February 8, 2013

FORSAN – There's always something.

As they have worked their way toward calling for a bond election to finance a new elementary school, Forsan Independent School District officials have tried to balance what they want with what they think the district's taxpayers can afford.

So, you can imagine their reaction when they learned the price tag might be boosted by a couple million dollars.

The culprit? Wastewater.

FISD Superintendent Randy Johnson said administrators learned within the last month the district's septic system has been ruled inadequate by the Texas Commission on Environmental Quality.

“The CEQ has established guidelines on how much wastewater can be provided for in a septic system (such as FISD has),” Johnson said. “If those guidelines are exceeded, you have to go with a wastewater treatment system. By their calculations, we are over the guidelines at both (Elbow Elementary and the junior high/high school campus).”

FISD is looking at several wastewater treatment options, but none are cheap. High-end estimates are around $2 million per system, Johnson said. Nor can the district pipe the water to Big Spring for treatment.
“We looked into that,” Johnson said, “and we found it would cost us about $41 a foot to build the pipe, plus whatever Big Spring would charge us for treating the wastewater.”

Oddly enough, however, this added expense strengthens the district's argument for building a new elementary next to the junior high/high school building – if the district maintains elementary operations at Elbow, it will have to build treatment plants at both locations, effectively doubling the cost to taxpayers, while only one system would be needed if the campuses were adjacent to each other.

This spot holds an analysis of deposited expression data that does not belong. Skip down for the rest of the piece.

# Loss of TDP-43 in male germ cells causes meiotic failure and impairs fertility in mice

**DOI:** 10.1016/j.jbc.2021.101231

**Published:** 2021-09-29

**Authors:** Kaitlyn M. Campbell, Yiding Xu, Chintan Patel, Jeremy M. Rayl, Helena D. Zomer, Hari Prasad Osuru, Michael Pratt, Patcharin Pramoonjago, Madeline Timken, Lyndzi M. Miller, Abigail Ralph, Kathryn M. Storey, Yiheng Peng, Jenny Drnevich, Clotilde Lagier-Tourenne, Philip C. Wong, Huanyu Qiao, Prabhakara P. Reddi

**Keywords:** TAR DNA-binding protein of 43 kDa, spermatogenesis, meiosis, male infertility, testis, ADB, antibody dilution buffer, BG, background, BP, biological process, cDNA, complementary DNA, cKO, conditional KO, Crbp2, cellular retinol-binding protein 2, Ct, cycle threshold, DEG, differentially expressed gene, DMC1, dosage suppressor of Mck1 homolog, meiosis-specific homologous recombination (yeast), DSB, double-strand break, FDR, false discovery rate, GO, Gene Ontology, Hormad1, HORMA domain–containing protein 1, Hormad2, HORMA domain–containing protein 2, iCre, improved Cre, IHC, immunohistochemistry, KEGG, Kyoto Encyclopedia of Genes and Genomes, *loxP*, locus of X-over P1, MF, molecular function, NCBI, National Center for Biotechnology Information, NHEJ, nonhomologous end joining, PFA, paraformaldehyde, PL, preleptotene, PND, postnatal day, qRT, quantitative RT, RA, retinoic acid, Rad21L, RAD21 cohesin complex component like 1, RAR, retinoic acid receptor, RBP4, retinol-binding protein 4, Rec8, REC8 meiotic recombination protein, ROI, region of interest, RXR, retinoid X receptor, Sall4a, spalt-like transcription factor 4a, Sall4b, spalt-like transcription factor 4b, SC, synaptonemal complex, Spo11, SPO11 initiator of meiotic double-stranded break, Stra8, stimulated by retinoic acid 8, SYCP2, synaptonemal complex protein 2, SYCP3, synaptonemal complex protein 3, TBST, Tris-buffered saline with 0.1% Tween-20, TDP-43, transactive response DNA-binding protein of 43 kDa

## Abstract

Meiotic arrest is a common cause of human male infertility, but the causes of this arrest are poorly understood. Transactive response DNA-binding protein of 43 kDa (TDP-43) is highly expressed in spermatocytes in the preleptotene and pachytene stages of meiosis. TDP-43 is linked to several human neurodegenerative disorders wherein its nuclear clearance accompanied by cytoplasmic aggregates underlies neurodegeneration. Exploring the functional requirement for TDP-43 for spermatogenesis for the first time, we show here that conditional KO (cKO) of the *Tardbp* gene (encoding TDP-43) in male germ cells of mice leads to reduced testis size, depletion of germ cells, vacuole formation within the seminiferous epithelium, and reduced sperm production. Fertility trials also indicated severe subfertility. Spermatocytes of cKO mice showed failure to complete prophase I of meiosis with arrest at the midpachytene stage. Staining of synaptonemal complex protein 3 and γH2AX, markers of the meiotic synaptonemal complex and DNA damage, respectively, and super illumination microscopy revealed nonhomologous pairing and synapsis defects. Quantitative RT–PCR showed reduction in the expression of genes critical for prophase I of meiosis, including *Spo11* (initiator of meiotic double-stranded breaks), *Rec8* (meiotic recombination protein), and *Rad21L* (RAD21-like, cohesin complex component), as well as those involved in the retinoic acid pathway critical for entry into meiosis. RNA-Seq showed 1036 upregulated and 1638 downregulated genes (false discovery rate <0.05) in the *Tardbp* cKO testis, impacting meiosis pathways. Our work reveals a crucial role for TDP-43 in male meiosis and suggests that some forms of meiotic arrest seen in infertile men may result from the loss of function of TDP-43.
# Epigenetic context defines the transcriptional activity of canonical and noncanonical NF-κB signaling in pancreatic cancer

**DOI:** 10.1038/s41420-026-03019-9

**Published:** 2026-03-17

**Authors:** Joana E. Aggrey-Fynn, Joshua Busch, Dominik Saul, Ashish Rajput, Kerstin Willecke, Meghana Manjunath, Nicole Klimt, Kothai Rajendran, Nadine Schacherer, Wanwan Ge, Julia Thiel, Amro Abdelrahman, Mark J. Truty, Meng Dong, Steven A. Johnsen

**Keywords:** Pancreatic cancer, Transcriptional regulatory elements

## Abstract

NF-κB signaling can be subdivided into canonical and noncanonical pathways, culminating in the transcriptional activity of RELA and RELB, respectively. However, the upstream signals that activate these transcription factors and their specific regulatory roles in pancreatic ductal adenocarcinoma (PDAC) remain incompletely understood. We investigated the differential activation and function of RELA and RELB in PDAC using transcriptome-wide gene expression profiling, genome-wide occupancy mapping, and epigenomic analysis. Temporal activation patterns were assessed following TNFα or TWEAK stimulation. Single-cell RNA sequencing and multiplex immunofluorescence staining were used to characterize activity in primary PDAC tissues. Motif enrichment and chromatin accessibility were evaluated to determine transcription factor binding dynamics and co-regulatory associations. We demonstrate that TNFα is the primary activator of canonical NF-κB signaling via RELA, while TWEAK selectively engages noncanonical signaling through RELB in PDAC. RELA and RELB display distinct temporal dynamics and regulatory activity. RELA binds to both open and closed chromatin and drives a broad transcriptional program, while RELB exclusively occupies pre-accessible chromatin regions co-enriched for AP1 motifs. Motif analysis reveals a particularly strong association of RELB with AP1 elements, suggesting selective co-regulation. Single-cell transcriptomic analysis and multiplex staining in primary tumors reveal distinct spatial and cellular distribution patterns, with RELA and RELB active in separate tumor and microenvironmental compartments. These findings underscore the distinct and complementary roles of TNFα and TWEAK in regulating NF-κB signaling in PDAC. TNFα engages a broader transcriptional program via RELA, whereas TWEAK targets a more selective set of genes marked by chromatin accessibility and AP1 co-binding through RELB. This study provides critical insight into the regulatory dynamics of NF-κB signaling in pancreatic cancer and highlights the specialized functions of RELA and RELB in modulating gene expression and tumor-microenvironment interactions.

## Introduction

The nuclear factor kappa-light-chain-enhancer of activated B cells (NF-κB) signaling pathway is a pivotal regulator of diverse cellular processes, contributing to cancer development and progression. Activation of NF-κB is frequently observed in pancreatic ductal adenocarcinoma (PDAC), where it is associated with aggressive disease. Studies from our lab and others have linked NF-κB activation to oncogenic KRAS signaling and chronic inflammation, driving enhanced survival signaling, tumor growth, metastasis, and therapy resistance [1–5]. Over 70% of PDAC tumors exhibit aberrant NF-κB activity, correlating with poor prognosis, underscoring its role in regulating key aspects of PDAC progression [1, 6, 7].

“If Elbow stays open, we'd need a treatment plant there, and I don't know if that would even be possible, because we don't own enough property in that area to build a plant,” Johnson said. “This was kind of the final straw that broke the idea of us staying at the Elbow campus.”

Final figures for the bond amount have not been settled upon, but Johnson said a preliminary estimate has been set at $20 million, which would pay for a new elementary campus, the water treatment plant and some renovations at the junior high/high school building.

FISD trustees will meet with Parkhill, Smith & Cooper architects when they hold their monthly meeting Feb. 11. At that time, a firm estimate for the bond should be established, Johnson said.

A final decision whether to call for a May bond election will likely happen Feb. 25, he added.